I am never alone. Adoption is always with me. It is between the lines of everything I read. It is on the tongue of every conversation. It is a constant tow.
I have more than once told fake tales of pregnancy and labor, choosing to play along with baby-store staffers rather than say, "We adopted." To say it like that, as explanation to a stranger, seems a violation of something, or a diminishing of all of us - you, me, Daddy, your birth parents - as if Adoption is all someone needs to know about us, or as if knowing Adoption about us is really knowing anything at all.
You say things that leave me breathless, like, "Before I was born I was sad because I thought I wouldn't have a family. I thought I wouldn't have any parents to love me and take care of me. And then after I got born when the nurse put me in your arms, I looked up into your loving eyes and I cried happy tears, because I knew I had a mother forever. And I knew you were the mother I always wanted."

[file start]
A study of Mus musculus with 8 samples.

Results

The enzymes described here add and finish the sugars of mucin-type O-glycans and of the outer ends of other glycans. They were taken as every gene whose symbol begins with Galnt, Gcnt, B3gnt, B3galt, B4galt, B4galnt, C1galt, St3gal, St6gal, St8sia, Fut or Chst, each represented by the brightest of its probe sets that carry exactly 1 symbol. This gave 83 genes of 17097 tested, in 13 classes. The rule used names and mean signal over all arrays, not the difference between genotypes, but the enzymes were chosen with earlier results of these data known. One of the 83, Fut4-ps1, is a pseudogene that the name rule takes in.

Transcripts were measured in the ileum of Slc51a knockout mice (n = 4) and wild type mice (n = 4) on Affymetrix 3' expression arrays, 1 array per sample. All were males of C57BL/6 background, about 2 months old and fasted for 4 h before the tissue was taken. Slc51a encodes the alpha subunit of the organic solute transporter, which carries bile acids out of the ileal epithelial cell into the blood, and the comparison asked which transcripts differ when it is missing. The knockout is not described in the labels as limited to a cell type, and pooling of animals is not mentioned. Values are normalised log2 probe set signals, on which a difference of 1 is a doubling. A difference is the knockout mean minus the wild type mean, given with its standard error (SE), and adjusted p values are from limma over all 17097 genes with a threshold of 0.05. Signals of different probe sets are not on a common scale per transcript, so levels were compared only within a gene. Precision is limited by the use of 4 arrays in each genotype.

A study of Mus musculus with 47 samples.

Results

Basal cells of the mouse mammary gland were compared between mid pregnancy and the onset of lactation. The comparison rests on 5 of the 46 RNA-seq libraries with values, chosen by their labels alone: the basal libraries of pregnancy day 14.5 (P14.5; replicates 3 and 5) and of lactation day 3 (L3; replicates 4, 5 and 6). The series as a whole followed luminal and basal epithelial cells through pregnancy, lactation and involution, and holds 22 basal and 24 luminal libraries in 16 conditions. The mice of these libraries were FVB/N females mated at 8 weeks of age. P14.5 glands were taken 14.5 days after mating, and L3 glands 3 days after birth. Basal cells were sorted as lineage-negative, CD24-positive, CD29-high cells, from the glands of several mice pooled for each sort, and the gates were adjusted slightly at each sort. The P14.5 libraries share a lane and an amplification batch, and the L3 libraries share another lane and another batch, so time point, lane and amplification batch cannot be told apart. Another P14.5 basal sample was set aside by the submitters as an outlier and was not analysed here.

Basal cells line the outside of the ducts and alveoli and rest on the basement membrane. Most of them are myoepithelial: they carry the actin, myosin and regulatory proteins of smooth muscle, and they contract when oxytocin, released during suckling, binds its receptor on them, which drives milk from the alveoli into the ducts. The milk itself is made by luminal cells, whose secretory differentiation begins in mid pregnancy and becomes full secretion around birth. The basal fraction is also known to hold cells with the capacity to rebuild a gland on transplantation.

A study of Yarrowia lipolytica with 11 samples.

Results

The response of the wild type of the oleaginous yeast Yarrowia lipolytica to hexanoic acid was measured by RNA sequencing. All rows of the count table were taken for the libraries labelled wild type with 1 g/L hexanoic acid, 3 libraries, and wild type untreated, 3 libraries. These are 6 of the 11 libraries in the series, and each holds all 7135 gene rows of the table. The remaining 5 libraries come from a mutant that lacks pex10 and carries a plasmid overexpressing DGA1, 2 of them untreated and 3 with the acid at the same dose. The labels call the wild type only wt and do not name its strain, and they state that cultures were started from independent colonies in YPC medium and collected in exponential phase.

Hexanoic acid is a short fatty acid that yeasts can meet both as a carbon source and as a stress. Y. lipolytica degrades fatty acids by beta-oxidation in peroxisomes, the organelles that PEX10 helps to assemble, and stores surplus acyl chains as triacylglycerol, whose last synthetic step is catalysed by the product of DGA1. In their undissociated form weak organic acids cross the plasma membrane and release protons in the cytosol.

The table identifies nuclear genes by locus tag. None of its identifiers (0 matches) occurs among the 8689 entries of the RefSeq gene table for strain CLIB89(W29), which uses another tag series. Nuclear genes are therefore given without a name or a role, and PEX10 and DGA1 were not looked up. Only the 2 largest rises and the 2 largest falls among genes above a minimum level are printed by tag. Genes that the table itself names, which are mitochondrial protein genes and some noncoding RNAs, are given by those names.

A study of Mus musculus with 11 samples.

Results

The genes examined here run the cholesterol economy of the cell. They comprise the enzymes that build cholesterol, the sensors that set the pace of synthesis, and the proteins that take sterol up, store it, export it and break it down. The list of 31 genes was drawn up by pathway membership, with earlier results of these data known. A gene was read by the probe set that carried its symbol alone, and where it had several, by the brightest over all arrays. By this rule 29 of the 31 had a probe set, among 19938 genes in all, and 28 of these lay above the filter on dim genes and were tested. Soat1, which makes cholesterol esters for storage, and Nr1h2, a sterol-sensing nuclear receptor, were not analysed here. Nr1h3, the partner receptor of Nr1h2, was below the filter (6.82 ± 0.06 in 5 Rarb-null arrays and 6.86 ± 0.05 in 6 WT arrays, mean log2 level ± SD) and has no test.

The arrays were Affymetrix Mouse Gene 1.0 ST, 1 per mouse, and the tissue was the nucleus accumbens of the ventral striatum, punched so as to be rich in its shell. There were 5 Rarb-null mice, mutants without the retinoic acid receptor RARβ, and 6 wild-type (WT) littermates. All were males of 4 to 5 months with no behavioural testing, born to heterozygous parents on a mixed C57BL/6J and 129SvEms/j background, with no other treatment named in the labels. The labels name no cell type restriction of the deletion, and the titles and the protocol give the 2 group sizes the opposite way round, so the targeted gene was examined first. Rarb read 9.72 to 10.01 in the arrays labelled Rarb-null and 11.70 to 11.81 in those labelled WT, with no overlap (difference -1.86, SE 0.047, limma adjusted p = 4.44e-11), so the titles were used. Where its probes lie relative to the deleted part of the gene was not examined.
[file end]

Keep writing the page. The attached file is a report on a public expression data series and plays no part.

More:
And you say things that leave me floundering, like when I said, "I love that you used so many different colors to make these pictures. They're beautiful! Maybe we can send one to M," and you said, Who's M? Oh, yeah, my birth mother. Should I be disturbed that you forgot (even for a moment) who "M" is? Should I be happy that you don't seem to have Adoption running through your every thought as I do? Should I think nothing of the moment and just move on?
I sometimes wonder if I've lost my sense of humor. Other people see this cartoon and crack up laughing. I see this cartoon and wonder if you will ever feel this way.
Click here to purchase Sally's adoption book, What I Want My Adopted Child to Know: An Adoptive Parent's Perspective, in softcover, hardcover, or e-book formats.